The IWK announced its inclusion in a very exclusive club, becoming the first health centre in the Maritimes to receive the Baby-Friendly Initiative designation.
The designation is given to hospitals that demonstrate a commitment to best practices in mother-baby care, particularly related to breastfeeding. Yet Cynthia Mann, operations manager for the newborn care unit at the IWK, says that the designation is about more than just breastfeeding.
“The Baby-Friendly Initiative … is saying, here are the best practice standards and best quality standards that we would look for in terms of caring for mothers and babies,” Mann said.
“I think that’s the important thing to remember. … All families benefit from this approach.”
The program is a joint project of UNICEF and the World Health Organization and aims to raise global standards in mother-infant care. The designation is given if a hospital is deemed to have met the program’s standards, known as the “10 Steps.”
“The World Health Organization and UNICEF looked at all of the evidence around mother-baby care and looked at the things that make the most difference to outcomes for mothers and babies,” Mann said. “Then they distilled them down into some key characteristics that you can do as a care provider and as an institution.”
For example, having babies skin-to-skin with their mothers keeps their temperatures regulated, along with their heart rates, breathing and feeding behaviours, Mann said. “Their stress is low and they experience less pain.”
Other parts of the 10 Steps include staff training to ensure they are able to support breastfeeding, and support to recognize infant feeding cues.
WATCH: State of the art neo-natal care unit comes to Halifax’s IWK Health Centre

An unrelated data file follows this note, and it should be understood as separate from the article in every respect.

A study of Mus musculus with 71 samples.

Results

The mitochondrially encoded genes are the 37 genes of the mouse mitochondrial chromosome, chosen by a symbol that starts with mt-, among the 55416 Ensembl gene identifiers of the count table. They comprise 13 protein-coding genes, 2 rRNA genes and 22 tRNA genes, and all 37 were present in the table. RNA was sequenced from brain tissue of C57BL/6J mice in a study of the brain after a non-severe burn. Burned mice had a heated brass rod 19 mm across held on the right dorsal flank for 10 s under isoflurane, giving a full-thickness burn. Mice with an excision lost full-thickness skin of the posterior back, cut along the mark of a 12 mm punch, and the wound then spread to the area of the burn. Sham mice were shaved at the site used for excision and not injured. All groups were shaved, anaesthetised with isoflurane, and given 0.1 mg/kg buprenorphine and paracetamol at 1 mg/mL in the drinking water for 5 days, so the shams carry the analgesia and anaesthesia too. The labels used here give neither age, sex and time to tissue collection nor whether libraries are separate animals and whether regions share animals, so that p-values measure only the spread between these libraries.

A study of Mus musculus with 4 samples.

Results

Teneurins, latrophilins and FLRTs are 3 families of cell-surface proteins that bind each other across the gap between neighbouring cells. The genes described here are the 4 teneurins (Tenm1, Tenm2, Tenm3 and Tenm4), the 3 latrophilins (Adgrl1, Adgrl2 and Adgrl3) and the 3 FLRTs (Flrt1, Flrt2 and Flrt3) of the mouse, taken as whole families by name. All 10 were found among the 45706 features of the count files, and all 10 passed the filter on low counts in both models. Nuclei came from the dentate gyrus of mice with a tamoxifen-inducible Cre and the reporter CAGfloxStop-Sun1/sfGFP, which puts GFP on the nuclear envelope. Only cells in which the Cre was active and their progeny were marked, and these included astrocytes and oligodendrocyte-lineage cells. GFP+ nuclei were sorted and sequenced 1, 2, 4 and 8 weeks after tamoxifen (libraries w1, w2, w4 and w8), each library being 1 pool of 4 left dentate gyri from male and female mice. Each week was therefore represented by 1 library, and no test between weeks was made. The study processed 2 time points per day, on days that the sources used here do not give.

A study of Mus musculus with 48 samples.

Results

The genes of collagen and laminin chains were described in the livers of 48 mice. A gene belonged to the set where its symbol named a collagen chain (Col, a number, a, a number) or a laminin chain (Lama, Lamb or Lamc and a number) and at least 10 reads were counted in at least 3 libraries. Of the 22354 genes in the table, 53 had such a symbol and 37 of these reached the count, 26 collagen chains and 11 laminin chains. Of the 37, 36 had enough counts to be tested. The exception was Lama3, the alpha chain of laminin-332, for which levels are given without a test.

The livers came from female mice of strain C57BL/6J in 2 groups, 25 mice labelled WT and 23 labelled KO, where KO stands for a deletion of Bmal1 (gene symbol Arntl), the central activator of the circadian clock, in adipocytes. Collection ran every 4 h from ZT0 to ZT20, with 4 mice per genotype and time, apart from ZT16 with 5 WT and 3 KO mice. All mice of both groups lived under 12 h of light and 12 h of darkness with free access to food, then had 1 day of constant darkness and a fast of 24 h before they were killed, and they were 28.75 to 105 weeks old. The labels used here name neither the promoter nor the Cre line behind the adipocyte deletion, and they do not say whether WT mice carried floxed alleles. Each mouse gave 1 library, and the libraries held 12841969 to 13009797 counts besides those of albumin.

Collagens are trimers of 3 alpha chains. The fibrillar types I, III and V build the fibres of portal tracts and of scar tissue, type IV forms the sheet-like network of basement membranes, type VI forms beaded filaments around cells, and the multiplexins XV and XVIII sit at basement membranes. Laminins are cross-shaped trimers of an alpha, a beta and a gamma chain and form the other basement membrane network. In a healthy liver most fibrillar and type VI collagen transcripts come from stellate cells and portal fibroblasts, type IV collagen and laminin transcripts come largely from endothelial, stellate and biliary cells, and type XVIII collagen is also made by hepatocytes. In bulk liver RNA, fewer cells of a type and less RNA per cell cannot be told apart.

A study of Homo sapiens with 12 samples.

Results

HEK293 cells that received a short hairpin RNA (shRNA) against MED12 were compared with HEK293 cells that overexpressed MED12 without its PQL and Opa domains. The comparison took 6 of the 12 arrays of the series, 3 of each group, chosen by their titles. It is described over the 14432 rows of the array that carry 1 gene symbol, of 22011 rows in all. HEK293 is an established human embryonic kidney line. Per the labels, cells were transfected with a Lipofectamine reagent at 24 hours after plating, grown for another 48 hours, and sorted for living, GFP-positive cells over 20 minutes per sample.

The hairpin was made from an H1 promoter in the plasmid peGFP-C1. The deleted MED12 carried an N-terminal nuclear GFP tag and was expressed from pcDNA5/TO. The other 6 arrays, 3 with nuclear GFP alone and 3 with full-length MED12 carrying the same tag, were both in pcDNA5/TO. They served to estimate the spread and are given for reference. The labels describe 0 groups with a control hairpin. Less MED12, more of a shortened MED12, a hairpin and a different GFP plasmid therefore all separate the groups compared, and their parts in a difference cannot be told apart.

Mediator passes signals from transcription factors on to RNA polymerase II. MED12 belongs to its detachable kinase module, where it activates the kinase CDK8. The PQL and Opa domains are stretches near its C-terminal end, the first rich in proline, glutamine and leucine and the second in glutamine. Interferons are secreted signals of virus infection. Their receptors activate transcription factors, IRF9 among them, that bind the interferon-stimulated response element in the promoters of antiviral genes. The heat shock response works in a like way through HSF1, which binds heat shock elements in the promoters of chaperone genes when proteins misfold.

When asked what the designation means to the facility, Michelle LeDrew, director of women’s and newborn health, said the IWK now stands as a leader in mother-infant care in the Maritimes.
“It means that we are practising evidence-based care and providing supportive environments so that families are able to meet their infant feeding goals. In particular, we’re supporting, promoting and protecting breastfeeding,” she said.
“It really is about stepping out of our comfort zone and being OK with being leaders. We had to take a leap of faith in the last six months and say, yes we’re going for this designation. We believe our data is showing us that we have made good strides ahead. We’re seeing that we have the practices in place aligned with the requirements to become a Baby-Friendly Initiative designated facility.”
The IWK Health Centre is one of fewer than 20 hospitals in Canada to have the designation. After five years, the current designation will expire and the centre will have to be assessed again.
“It’s really important to stay committed to that continuous quality improvement process, and so that means reviewing our data monthly to see if our practices are staying up where they need to be,” LeDrew said.
“We continue to review our policies to make sure they’re up to date, because the evidence does change and shift.”
Claire Gallant, one of two community representatives on the IWK’s BFI board, said that having greater breastfeeding supports in the hospital helps strengthen the acceptance of breastfeeding culture in the community at large.
“It still needs strengthening, it still needs improvement and it’s getting there,” Gallant said. “But I think that this will make a big difference because it will mean the hospital will be even more of a strong voice for breastfeeding support.”
“Breastfeeding culture really just means embracing it as the natural … and as a completely normal and reasonable choice of the way to feed your baby in public.”